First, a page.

Saturday, March 2, 2013

The School Question

Dan was driving to an early meeting on Long Island the other day, which meant when I dropped Anna off at school, Ethan needed to come along. He enjoys these 7-minute trips, primarily because he usually gets to throw shoes and a coat on over his PJs at 8am and go on a "pajama ride."

I've mentioned before that Anna attends a Christian school (that is attached to the Methodist church that founded it). As Anna bounded up the steps and we were driving away, I saw Ethan noting the school logo near the front door; seeing the cross.

"Why does Anna's school have a church with it?" he asked as we neared home.

"I've told you before, Ethe -- Anna goes to a Christian school. That means they can learn about God there."

"I wish we could learn about God at my school," he said, not so much sad as jealous-sounding.

For a moment my heart was full of so much I wanted to say and things I wished and that realization once again that are times when explaining the way life is may be difficult for Ethan and for us, as he learns more and more about his and our world.

I had an "interesting" schooling that included four public schools and four Christian schools. Dan attended public schools exclusively. I have friends who homeschool or send their kids to Christian or public schools for varying reasons. I am absolutely convinced: this is a personal decision, that there are no absolute right or wrong decisions in this area, and that the right answer for any given family or any specific child in a family could be different and vary from year to year.

When Anna was little, I pushed more than Dan to have her put in Christian school but to keep our options open. So far, we've been pleased with the decision. When you add a special needs child to the mix, things get more complicated. I still don't completely understand the laws, but my basic understanding is this:
- We could put Ethan in Christian school (this is probably the first year I've been able to say he might be able to handle a typical classroom environment without extra supports, with their classes being so small). However...
- We'd have to fight to get him the extra services he needs, like speech and OT
- We'd win the fight but have to have the services provided on the school's terms, meaning, when it worked for their schedule, i.e., in the middle of the school day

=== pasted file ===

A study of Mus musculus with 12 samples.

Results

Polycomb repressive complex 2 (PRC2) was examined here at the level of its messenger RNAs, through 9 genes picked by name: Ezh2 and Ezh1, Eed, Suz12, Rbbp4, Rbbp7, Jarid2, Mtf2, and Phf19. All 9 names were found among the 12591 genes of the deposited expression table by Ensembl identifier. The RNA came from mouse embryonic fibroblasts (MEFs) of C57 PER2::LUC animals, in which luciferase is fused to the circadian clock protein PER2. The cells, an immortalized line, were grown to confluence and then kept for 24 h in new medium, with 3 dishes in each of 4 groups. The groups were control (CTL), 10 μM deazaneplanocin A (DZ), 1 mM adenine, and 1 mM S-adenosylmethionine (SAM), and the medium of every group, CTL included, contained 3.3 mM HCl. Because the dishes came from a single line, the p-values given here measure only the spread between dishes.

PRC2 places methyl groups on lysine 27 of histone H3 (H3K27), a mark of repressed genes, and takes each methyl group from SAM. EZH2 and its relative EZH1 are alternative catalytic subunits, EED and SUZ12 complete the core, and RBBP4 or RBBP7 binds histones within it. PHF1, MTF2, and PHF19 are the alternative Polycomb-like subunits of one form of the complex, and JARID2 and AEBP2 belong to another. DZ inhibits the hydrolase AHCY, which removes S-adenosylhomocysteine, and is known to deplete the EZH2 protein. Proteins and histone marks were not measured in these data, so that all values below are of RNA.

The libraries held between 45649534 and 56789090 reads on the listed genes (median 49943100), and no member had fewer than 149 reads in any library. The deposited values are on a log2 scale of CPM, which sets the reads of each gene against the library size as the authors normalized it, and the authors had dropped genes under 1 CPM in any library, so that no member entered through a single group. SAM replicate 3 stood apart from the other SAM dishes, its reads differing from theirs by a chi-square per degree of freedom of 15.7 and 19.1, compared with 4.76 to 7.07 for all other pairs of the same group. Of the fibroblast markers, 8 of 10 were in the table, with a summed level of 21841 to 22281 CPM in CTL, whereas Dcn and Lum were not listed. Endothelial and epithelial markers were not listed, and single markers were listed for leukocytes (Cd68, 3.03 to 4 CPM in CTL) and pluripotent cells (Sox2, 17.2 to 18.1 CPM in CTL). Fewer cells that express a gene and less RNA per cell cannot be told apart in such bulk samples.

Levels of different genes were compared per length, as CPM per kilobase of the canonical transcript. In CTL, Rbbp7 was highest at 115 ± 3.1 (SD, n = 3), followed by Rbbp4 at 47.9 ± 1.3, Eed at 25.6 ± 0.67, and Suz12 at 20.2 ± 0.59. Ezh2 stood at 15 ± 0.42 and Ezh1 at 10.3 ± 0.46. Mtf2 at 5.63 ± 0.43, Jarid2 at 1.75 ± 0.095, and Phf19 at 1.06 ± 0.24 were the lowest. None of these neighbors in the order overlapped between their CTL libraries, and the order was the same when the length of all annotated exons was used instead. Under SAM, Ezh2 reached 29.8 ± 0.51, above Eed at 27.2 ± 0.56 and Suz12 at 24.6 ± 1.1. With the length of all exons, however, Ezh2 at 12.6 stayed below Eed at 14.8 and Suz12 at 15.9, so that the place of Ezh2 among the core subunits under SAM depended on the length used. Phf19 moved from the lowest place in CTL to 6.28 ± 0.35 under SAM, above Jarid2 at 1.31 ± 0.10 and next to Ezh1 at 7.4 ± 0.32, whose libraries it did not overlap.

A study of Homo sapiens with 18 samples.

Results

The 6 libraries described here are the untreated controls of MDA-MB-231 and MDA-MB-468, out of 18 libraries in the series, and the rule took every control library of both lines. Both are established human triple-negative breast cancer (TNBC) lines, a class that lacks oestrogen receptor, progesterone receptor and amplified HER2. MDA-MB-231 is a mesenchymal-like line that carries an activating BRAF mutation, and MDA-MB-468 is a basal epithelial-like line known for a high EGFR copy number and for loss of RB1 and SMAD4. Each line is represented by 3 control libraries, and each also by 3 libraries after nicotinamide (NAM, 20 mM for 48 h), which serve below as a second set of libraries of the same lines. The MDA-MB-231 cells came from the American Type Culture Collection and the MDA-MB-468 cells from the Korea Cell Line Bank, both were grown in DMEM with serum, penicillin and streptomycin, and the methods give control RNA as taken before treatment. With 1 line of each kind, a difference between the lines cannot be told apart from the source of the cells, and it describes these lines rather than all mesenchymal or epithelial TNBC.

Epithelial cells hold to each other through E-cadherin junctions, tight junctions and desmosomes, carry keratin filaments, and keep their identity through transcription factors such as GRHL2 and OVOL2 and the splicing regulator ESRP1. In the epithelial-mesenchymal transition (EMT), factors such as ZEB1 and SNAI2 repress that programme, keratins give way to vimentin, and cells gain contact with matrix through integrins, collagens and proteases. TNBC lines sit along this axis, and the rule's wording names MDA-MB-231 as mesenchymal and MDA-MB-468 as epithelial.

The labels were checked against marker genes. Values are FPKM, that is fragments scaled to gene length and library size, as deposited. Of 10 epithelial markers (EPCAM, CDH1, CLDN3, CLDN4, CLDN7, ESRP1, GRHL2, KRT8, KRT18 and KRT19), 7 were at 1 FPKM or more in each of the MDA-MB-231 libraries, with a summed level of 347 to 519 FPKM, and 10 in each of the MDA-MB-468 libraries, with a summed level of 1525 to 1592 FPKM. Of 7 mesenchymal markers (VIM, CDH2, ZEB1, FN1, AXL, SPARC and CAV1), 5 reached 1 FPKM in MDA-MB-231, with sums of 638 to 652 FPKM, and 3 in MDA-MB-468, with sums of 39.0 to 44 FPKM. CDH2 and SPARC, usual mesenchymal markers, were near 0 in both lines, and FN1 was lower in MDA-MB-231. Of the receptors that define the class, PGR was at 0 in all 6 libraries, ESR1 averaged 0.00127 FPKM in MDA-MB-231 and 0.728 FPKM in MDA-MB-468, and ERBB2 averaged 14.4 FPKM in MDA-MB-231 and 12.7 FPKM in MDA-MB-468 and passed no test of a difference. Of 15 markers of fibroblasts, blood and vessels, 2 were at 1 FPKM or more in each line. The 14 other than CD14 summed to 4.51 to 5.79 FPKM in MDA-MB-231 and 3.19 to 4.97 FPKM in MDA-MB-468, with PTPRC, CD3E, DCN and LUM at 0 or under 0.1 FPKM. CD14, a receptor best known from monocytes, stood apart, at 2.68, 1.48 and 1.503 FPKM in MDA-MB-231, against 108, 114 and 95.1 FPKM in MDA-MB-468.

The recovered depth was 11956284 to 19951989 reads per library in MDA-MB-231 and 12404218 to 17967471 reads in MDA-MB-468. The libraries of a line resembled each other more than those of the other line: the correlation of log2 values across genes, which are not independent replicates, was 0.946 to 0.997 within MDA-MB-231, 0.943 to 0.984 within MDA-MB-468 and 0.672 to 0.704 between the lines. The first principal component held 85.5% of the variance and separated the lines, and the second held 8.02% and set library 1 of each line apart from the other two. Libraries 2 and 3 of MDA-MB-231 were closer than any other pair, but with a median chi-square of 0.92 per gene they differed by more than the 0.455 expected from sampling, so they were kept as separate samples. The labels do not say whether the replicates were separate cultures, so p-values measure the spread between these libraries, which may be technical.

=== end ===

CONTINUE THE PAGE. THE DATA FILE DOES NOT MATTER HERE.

- We'd be unable to provide any outside services for him right now due to our lack of good insurance coverage, and most importantly
- At this critical time for him to develop foundations for learning, he'd be taught by people with no or very limited special education/autism background.

And so today he attends public preschool, and he loves it. The thing is -- right now, we love the school situation as well.

Is it ideal? Are there things I wish they would do differently? Of course. I could say the same for Anna's school. But both Dan and I have a peace that Ethan is where he needs to be right now.

There are so many people I am glad we've met, that I know we were supposed to meet.

Ethan's growing in leaps and bounds. Recently his teacher shared an assessment that stacks up how he's doing compared to typical peers the exact same age. In all but three of 50 categories (related to social skills and communication, no big surprise) he scored within age range. In three other categories (related to pre-reading and math skills) he scored ahead of age range.

We're giving him the tools he needs right now. And honestly, I'm thankful because I'm not sure how we would afford to send both of them to a private school at the moment. As for home schooling, including Anna? I have found my kids perform much better academically when they are being taught by other people. If our homework battles are any indication, home schooling would be a nightmare. But I will never say never. Just as we always expect of our kids on the spectrum, remaining open to flexibility and change is key.

"Maybe I can go to Anna's school sometime?" Ethan asked.

"Maybe someday, Ethan," I told him. And I meant it, because who knows? I don't want to slam doors shut and lock them. I just know right now that door is not open.

"Yeah, maybe when I'm in third grade," he answered and bobbed off to the house, the issue apparently resolved.